When we got home from Deer Valley, these guys were our welcoming committee.
In the spring when I planted our garden, I was so excited about all the produce. I imagined big batches of roasted tomatoes every week, slices of tomatoes with every meal, and giving excess to neighbors and friends. But (maybe you’ve already guessed the punchline) we’ve gotten almost no tomatoes. A few eggplants, lots of chard, two cabbages, and buckets of peppers, but no tomatoes.
I’m not exactly sure what happened to my tomatoes, but if I were to trouble shoot, I’d say that being gone for over a week each month and never weeding, watering, or fertilizing isn’t recommended.
Last week I pulled up some plants and sowed a few cool-weather veggies. I’ll do better this fall, I resolved.
This week the kids started school, and beets are sprouting in the garden — summer is officially over.
And even though I’m absolutely devastated to say goodbye to summer, my kids are ready for the structure and schedule of school, and so am I.
Before they left for school, the kids and I chatted about what they would tell their teacher about their summer. How could they sum up all of our adventures? Vancouver! VBS! Deer Valley! Franklin County! Summer was so, so very full.
And what about me? What would I say about my summer?
I would say it was hard. And I’m tired. And I think we had fun? I hope we did.
At the very beginning of summer, the kids discovered some tadpoles in a giant puddle near our house. We scooped up several tadpoles for our aquarium, but hundreds of tadpoles remained, and the kids realized that the puddle was evaporating quickly. Almost every morning, the kids would wake up and run outside to check on the puddle. They spent days trying to rescue as many tadpoles as they could, scooping them out of the puddle and putting them into a nearby pond until the puddle was gone completely.
Several times my bowls and scoops were left outside, covered in mud, but I didn’t care. I loved this entire project. It was kid-led, kid-organized, and they were in nature. It’s what I imagined all of summer would look like.
But then it was over. The puddle evaporated and the tadpoles were gone. Before I knew it, I found myself doing impressions of my mom 30 years ago, shouting, on repeat, “GO OUTSIDE AND PLAY!”
I had big plans for summer, and I don’t mind admitting that almost every night after the kids went to bed, I’d mill around the house looking at the mess and think “Tomorrow will be better.”
Better snacks, better conflict resolution, better play, better mom-ing.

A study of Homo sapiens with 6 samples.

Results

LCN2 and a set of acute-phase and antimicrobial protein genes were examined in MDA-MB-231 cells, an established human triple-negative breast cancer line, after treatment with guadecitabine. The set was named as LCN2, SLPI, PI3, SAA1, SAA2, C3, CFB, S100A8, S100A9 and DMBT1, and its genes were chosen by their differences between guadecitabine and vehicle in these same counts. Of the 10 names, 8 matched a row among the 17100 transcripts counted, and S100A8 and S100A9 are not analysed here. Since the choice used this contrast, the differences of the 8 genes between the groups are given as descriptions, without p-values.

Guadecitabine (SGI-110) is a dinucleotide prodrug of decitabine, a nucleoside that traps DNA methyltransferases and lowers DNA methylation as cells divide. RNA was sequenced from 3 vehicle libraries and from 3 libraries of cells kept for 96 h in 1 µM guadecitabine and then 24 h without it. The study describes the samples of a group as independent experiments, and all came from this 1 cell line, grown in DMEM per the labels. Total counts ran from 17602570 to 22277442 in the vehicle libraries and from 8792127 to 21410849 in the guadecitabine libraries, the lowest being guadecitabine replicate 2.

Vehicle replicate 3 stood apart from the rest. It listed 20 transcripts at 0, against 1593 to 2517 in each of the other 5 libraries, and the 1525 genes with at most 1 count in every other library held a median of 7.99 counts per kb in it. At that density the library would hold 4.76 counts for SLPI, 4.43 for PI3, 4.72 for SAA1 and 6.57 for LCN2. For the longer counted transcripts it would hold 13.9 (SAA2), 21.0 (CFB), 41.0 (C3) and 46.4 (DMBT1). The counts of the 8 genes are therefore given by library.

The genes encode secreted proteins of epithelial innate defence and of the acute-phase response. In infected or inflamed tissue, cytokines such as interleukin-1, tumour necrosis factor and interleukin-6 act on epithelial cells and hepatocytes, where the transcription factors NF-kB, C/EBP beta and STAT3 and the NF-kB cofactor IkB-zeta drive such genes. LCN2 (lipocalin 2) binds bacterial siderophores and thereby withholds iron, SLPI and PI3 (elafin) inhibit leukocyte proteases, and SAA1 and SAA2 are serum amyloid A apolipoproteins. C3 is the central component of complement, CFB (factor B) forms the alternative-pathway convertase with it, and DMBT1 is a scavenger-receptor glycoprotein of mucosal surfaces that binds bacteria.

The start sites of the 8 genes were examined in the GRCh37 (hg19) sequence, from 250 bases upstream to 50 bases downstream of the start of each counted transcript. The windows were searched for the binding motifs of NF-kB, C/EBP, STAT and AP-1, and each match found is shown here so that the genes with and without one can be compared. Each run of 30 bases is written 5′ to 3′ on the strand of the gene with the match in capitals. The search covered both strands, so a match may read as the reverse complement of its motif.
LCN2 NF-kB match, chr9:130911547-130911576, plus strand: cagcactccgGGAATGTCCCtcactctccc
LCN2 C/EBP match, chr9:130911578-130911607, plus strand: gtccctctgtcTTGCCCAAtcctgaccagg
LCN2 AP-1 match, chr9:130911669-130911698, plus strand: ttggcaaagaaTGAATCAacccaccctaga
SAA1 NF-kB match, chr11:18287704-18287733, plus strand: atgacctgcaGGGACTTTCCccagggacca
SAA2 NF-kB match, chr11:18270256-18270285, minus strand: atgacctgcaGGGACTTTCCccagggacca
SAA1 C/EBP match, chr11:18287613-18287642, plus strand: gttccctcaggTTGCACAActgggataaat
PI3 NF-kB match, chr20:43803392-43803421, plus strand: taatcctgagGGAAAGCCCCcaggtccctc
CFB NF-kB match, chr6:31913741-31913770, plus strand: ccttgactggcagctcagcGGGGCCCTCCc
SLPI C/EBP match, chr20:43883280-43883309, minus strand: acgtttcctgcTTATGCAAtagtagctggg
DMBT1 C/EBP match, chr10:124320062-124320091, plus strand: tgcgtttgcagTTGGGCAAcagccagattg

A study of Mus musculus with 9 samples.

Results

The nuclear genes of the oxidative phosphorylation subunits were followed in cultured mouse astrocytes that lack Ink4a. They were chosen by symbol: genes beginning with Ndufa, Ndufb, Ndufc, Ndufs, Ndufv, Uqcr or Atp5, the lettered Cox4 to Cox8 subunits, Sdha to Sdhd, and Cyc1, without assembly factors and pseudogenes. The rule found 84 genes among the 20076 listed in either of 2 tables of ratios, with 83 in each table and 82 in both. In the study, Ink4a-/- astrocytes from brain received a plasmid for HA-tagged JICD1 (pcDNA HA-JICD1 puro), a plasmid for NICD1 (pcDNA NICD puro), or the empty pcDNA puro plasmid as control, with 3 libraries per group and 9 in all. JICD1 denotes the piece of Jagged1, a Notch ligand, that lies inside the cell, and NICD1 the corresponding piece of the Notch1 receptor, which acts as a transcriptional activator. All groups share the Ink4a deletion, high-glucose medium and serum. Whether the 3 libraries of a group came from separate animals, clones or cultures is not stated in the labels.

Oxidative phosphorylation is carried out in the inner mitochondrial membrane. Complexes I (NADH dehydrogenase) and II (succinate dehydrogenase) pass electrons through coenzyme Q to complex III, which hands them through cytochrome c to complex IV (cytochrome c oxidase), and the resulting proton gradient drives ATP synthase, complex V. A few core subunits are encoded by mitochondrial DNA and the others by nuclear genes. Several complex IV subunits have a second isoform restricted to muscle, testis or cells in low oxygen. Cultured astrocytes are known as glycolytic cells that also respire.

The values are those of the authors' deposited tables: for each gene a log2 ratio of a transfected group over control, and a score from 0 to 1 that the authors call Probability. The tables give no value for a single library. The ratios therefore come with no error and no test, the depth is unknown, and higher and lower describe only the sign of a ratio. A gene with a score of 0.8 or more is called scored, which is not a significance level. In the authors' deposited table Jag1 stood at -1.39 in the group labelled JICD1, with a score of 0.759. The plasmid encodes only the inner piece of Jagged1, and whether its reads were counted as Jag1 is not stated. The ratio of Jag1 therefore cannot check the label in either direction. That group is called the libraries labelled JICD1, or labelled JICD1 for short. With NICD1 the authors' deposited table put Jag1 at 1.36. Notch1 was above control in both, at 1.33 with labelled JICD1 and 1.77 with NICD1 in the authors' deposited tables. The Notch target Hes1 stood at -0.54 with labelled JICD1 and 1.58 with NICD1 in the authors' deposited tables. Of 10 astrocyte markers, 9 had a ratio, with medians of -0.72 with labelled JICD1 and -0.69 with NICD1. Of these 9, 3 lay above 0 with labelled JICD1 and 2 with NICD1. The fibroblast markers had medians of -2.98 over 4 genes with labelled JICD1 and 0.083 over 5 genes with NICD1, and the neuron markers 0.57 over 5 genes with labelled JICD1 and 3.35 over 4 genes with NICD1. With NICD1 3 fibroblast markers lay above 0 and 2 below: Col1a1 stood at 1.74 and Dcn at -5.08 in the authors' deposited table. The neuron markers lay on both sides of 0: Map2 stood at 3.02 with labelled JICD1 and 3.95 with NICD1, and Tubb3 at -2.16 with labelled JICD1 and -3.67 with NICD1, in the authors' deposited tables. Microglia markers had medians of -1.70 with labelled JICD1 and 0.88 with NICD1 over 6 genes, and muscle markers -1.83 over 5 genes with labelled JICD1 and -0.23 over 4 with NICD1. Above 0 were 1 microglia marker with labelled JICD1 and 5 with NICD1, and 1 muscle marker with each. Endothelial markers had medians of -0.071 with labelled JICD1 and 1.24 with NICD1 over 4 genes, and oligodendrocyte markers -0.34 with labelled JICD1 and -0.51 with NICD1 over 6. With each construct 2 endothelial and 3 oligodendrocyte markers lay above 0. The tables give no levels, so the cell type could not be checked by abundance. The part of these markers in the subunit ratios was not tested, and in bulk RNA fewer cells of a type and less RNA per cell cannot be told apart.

Our home days were really tough. I don’t know if it’s the age and stage of my kids, or if they needed more structure or more freedom, or if my expectations just need to be checked, or if this is just LIFE with four kids. Every day just felt messy and full of fighting and absolutely zero progress.
Nearly every day, Tom would come home and I would say, “We either need new kids or a new mom. Maybe both.”
Busy isn’t my style. I tend to idealize days with no plans; big, open swaths of time that could lead to swimming, finger painting, or homemade banana bread. But reality is sibling bickering that starts at 7 a.m., and a giant mess in every room of my house.
Our summer was busy, and between travel and activities we were either recovering from the previous or preparing for the next and trying to catch up on reality TV. We had birthdays, visitors, and day trips. This summer has been a more fast-paced than any I can remember.
Even though a packed schedule goes against my tendencies, all the fast food, skipped naps, and suitcases of laundry were totally worth this big, full summer we had. My kids have had more experiences, more fun, and have made the most incredible memories.
I’m exhausted by it all, and I’m glad we did it. In fact, when I think back on the summer, the times we spent busy and traveling were, in a way, easier and more fun than when we were at home. It makes me question my entire philosophy of slow, unplanned, unscheduled home days.
Next summer Anna will be almost three, Thomas will be getting ready for kindergarten, and my big kids will be just a little bit bigger. And me? Maybe I’ll be more well-rested, creative, and patient. Maybe then we’ll have the lazy, easy, restorative summer of my dreams. Or maybe shunning my tendencies and packing it to the gills will be easier on everyone.
Whatever we do, I sure hope we’ll have tomatoes.
What about you? It’s the first day of school and the teacher asks you about your summer, what will you say? How do you balance a restful summer with one that’s full?
And while you’re at it, spill all your tomato-growing secrets, eh?